Mayor dismisses worst place ranking

Campbell River was recently named one of the top 10 worst places to live in Canada by MoneySense magazine – but Mayor Charlie Cornfield isn’t buying it.

Campbell River was recently named one of the top 10 worst places to live in Canada by MoneySense magazine – but Mayor Charlie Cornfield isn’t buying it.

“Tell people when they’re sitting in Tyee boats down at the spit (Dick Murphy Park) and the people that go down there to watch them, that this is a crappy place,” said Cornfield. “People choose to live in places that suit them for a variety of reasons.

“We who choose to live here – there’s a reason.”

But our spectacular ocean views and long lists of recreational opportunities obviously did not impress the writers at MoneySense financial magazine, who studied 180 communities across the country with populations of over 10,000.

Campbell River was ranked 175 out of 180 cities, with affordable housing singled out as the city’s biggest challenge.

MoneySense said the community is trying to rebuild itself as a home for retirees “but high unemployment and low average household income are stubborn obstacles to prosperity.”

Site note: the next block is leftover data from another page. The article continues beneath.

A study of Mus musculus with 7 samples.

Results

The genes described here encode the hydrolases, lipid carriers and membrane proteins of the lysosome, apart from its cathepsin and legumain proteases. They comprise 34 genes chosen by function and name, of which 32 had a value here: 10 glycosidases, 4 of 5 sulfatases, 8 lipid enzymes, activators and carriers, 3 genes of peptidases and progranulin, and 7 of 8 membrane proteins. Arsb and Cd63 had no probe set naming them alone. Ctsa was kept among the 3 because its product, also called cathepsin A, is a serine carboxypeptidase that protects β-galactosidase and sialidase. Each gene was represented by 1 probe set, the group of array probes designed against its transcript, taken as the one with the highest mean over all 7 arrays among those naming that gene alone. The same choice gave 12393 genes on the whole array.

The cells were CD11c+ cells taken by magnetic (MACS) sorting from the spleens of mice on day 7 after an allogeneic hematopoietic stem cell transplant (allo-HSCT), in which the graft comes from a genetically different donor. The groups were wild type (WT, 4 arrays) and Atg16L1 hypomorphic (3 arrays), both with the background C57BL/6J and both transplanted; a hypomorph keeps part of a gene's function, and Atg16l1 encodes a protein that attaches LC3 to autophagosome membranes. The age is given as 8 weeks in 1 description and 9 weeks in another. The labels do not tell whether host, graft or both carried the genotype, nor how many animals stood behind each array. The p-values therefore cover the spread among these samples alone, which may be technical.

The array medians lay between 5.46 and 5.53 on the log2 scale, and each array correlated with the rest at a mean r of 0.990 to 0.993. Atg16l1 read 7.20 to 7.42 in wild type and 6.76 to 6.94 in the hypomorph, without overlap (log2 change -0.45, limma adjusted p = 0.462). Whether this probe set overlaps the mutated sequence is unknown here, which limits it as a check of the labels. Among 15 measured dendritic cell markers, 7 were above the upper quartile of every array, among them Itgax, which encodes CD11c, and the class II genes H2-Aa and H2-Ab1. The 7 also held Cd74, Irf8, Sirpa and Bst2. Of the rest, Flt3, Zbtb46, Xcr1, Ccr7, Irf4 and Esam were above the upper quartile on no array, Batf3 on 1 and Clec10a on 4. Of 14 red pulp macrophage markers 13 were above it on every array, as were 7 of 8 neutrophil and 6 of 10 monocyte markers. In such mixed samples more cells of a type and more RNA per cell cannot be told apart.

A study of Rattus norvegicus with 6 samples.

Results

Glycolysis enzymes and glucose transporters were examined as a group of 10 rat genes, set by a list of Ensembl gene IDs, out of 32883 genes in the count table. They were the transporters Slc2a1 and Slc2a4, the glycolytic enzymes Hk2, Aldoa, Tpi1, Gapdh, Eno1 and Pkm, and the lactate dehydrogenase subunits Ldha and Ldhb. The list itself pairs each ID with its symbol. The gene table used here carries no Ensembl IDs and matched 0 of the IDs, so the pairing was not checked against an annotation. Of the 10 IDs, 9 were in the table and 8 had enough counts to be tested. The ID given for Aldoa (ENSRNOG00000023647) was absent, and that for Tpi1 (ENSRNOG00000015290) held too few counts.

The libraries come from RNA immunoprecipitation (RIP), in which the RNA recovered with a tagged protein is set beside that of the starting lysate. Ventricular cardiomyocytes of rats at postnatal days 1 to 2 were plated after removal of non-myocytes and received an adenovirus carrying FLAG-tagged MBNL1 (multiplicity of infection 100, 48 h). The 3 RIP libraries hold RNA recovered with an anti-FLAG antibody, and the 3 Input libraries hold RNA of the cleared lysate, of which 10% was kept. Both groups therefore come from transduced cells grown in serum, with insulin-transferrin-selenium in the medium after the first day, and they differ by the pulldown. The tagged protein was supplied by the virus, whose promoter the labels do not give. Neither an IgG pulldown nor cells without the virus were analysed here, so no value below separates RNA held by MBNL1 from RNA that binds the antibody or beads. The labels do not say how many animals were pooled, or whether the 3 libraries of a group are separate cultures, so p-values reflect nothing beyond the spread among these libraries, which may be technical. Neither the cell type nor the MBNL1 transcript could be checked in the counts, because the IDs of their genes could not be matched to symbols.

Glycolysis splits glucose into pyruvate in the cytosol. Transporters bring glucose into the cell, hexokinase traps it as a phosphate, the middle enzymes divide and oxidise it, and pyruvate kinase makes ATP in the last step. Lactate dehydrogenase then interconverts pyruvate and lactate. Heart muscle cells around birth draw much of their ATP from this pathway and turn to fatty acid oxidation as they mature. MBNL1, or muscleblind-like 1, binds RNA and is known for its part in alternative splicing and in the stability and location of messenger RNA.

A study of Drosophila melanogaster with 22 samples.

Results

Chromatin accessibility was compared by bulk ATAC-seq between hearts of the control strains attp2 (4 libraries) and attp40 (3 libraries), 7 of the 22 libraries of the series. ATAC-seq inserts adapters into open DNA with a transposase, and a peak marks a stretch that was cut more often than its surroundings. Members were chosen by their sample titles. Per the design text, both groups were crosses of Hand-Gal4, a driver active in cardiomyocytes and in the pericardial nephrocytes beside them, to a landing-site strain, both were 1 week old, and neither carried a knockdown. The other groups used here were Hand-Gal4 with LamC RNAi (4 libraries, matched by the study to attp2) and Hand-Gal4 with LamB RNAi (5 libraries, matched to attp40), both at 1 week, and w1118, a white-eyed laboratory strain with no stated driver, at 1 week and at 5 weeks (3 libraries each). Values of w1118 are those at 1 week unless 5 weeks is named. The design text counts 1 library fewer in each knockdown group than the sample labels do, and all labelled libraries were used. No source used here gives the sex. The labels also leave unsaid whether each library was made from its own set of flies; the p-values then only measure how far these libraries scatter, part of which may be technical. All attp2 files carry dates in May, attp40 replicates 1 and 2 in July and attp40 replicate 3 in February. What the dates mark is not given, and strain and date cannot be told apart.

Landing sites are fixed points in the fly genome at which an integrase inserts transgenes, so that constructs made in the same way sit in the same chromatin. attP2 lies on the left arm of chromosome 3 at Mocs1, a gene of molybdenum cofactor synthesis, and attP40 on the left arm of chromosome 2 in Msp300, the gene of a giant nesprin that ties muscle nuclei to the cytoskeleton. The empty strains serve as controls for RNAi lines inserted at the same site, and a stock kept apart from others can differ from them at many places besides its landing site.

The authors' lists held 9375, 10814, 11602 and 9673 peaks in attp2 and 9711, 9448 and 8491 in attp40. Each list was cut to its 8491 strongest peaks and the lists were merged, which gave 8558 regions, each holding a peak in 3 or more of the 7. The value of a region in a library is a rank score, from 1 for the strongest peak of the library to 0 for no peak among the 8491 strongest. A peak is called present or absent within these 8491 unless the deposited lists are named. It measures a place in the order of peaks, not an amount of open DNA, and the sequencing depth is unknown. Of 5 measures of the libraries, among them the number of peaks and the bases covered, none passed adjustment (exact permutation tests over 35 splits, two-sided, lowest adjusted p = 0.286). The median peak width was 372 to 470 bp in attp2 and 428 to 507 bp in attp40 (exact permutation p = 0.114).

According to the magazine, average real estate prices are higher than average at $336,000. Cornfield said if you’re looking to buy a home, it’s still cheaper to buy in Campbell River than in cities like Vancouver, Toronto and Ottawa. He also noted the number of real estate sales in Campbell River did not drop as much as in neighbouring communities last year.

As for having an economy in transition due to the loss of Catalyst mill, Cornfield said it makes you realize the potential for other industries the community may have not otherwise looked at.

“The community isn’t going to dry up and go away,” said Cornfield, who noted all of the city’s recent accomplishments including winning a national award for the green roof on City Hall; being named Solar Community of the Year; and being awarded the first tidal energy project in the province.

“I’ve lived and worked over a lot of places in the province and I’ll match Campbell River with anyone,” said Cornfield.

“But I guess I can breathe a sigh of relief that not everyone wants to live here or we wouldn’t have the room.”

MoneySense ranked the city’s weather as 128th; crime as 148th; and access to health care as 113th.

Population growth was the area where Campbell River had the highest ranking at 69th.

Other B.C. communities joining Campbell River on the worst place to live list are: Port Alberni (172), Quesnel (176); and Williams Lake (177).